In a statement on 23 March, Maneka Gandhi, Bharatiya Janata Party leader and founder of People for Animals, requested all animal welfare workers to feed animals during the lockdown. “I will be doing the same," Gandhi wrote.

Yet no one was prepared for what followed—food shortages, a significant dip in the number of people feeding stray animals, and abandoned pets. Concerns rose over stray dogs moving across territories in search of food, leading to vicious pack fights.

During week 1, feeders queued up outside police stations for passes that would enable movement. Individual or NGO-led fund-raisers cropped up on crowd-funding platforms like Ketto, Milaap and Impact Guru. Last week, Mumbai-based marketing consultant Pri Shewakramani and blogger Scherezade Shroff launched Quarancharity on Instagram, introducing paid virtual knowledge sessions on the social media platform with fitness, food and fashion experts like Yasmin Karachiwala, Pooja Dhingra and Anaita Shroff Adajania. The proceeds go to three NGOs on Ketto. One of them is Animal Adoption and Care; it has so far received over 5 lakh. Apart from crowdsourcing, brands like the fashion label Bhaane pledged to donate all earnings during the lockdown from their e-shop to the Delhi-based animal welfare NGO Friendicoes. Offline, there are university campuses, like Jawaharlal Nehru University (JNU) in Delhi, mobilizing funds and food for stray animals.

JNU’s campus has hundreds of stray dogs and cats as well as wildlife like deer, fox and porcupine. There’s a thriving culture of animal care furthered by two active WhatsApp groups, Animal Saviours and Animal Lovers, with students, faculty, staff, alumni and veterinarians as members.

When the lockdown began, the majority of students left the campus and canteens and neighbouring dhabas closed. A few managed to get feeding passes and some carry print-outs of Gandhi’s statement. Economics professor Sujoy Chakravarty says there are five-seven feeders for JNU’s 250-300 stray dogs right now. “Monetary contributions are not very helpful. We can’t necessarily step out and grocery shops are running out of ration. Food is the real shortage and you can help by donating food," he adds.

He is joined by alumnus like Asher Jesudoss. Jesudoss raised about 45,000 via Facebook and says JNU’s administration pitches in by providing bread and milk. “It’s getting to a point where they are not famished any more but resources are limited and more food or funds are required to sustain this effort for the next few weeks," he says.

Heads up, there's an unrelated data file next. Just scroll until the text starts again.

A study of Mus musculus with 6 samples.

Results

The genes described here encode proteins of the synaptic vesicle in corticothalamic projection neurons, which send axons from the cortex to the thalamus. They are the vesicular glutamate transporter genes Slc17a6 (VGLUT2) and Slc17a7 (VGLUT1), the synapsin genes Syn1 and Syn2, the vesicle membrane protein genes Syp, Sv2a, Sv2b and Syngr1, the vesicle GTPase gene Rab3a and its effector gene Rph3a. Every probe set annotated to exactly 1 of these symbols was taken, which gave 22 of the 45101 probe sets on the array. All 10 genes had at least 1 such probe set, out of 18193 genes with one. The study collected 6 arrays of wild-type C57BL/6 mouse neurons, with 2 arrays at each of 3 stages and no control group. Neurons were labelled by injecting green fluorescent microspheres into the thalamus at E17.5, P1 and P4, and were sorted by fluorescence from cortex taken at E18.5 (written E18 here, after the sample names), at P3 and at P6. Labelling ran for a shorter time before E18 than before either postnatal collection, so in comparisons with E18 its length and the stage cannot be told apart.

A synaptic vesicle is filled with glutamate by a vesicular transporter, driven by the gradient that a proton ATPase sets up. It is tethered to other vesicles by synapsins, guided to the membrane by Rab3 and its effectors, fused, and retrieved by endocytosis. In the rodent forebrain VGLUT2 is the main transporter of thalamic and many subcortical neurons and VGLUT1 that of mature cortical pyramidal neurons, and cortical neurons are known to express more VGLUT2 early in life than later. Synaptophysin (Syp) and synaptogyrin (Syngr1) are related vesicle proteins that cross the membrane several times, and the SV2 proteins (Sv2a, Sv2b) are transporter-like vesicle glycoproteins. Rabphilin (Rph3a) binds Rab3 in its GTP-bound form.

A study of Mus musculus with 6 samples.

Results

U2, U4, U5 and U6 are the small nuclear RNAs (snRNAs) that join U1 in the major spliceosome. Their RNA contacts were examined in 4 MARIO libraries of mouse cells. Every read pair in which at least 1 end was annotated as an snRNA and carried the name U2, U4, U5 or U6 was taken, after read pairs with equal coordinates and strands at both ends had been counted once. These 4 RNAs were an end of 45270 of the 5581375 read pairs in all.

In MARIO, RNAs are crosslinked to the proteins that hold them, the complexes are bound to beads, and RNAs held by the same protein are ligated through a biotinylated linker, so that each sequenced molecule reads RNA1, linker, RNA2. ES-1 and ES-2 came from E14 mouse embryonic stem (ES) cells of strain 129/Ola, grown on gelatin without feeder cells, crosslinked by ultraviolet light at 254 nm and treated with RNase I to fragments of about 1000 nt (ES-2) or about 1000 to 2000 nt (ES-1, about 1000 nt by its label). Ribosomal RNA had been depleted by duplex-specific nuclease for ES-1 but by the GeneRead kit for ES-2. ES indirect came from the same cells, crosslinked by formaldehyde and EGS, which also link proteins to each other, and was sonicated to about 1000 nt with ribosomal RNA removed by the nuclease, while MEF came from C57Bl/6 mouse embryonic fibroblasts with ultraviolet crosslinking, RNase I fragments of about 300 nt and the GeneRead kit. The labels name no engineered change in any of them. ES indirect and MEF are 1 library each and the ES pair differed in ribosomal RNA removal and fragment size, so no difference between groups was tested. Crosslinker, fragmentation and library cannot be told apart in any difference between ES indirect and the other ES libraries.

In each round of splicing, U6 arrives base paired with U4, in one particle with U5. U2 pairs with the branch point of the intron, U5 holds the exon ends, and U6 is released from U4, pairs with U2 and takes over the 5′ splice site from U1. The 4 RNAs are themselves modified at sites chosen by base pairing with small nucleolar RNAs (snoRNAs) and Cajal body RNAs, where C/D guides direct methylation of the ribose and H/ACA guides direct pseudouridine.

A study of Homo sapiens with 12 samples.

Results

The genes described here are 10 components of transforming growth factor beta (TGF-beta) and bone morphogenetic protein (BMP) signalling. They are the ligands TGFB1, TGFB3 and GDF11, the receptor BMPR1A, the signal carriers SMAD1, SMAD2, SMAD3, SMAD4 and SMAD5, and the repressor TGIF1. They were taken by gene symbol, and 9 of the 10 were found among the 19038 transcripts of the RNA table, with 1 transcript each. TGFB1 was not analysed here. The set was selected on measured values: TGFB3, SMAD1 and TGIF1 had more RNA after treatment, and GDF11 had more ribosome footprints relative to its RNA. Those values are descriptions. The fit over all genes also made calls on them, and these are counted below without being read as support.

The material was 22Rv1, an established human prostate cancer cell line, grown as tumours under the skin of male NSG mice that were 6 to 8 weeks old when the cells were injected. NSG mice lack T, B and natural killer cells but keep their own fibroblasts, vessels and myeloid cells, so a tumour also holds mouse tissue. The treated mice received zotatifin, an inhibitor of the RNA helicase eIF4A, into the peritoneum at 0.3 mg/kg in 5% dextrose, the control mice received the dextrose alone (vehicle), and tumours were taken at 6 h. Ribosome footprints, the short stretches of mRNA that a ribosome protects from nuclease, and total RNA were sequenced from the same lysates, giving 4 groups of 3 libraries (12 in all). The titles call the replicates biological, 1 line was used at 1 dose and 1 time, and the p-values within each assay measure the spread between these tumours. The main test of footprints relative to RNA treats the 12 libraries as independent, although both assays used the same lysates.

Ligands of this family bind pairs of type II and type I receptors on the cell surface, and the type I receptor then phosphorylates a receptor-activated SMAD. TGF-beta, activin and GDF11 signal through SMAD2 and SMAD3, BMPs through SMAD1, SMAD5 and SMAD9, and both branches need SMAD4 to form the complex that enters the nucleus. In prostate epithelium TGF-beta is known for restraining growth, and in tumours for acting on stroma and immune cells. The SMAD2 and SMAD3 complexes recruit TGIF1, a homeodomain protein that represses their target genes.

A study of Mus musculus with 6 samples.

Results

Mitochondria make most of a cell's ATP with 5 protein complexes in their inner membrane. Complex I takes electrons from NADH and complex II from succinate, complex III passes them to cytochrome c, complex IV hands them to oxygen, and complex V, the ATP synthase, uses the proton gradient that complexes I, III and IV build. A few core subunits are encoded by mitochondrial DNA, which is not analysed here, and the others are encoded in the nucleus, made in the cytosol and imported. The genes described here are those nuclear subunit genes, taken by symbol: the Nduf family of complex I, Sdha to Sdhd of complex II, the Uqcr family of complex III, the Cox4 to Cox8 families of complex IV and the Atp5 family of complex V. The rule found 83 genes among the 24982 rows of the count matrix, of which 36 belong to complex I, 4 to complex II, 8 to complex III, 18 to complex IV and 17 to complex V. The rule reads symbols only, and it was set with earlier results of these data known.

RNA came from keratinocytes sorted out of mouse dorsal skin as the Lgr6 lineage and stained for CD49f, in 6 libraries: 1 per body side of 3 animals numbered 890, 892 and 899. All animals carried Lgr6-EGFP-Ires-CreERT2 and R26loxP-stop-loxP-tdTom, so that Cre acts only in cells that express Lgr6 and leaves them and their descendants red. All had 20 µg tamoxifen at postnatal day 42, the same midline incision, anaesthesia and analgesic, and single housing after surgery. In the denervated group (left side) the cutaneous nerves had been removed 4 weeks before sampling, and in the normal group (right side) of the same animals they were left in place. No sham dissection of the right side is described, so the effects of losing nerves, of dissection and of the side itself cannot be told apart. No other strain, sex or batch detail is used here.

Neha Panchamiya, founder of Pune-based animal welfare NGO RESQ, is an active member of the district’s Society for the Prevention of Cruelty to Animals (SPCA). She is issuing feeding passes digitally. “There are more feeders than the passes we have been able to give," she says. RESQ offers shelter to about 200 domestic and wild animals. During the lockdown period, they have rescued an orphaned monkey, a leopard and a dog.

There are many helping hands but the primary need is food. Panchamiya is raising funds on Ketto to meet the need for 15 tonnes of dog food, costing 25-30 lakh, in their district alone.

Feeders also look out for injured and abandoned animals for veterinary and foster care. In addition, they are supposed to keep in mind the fact that stray animals should not become habituated to organized feeding since it will weaken their natural instinct to scavenge. So, feeding is restricted to once a day.

Mumbai-based animal activist Anand Siva, who is helping feeders and NGOs in need of funds and food, drives an SUV that proclaims “This car stops to help animals" and travels hundreds of kilometres to drop off food. He converted a friend’s shop into a godown for about 800kg of dog food. He uses Facebook to post about shops stocking pet food in Mumbai.

He outlines three ways to help stray animals during the lockdown—donate directly to NGOs that need special food for ageing and wild animals, distribute large quantities of animal food across your city to animal caretakers, and, if possible, feed strays.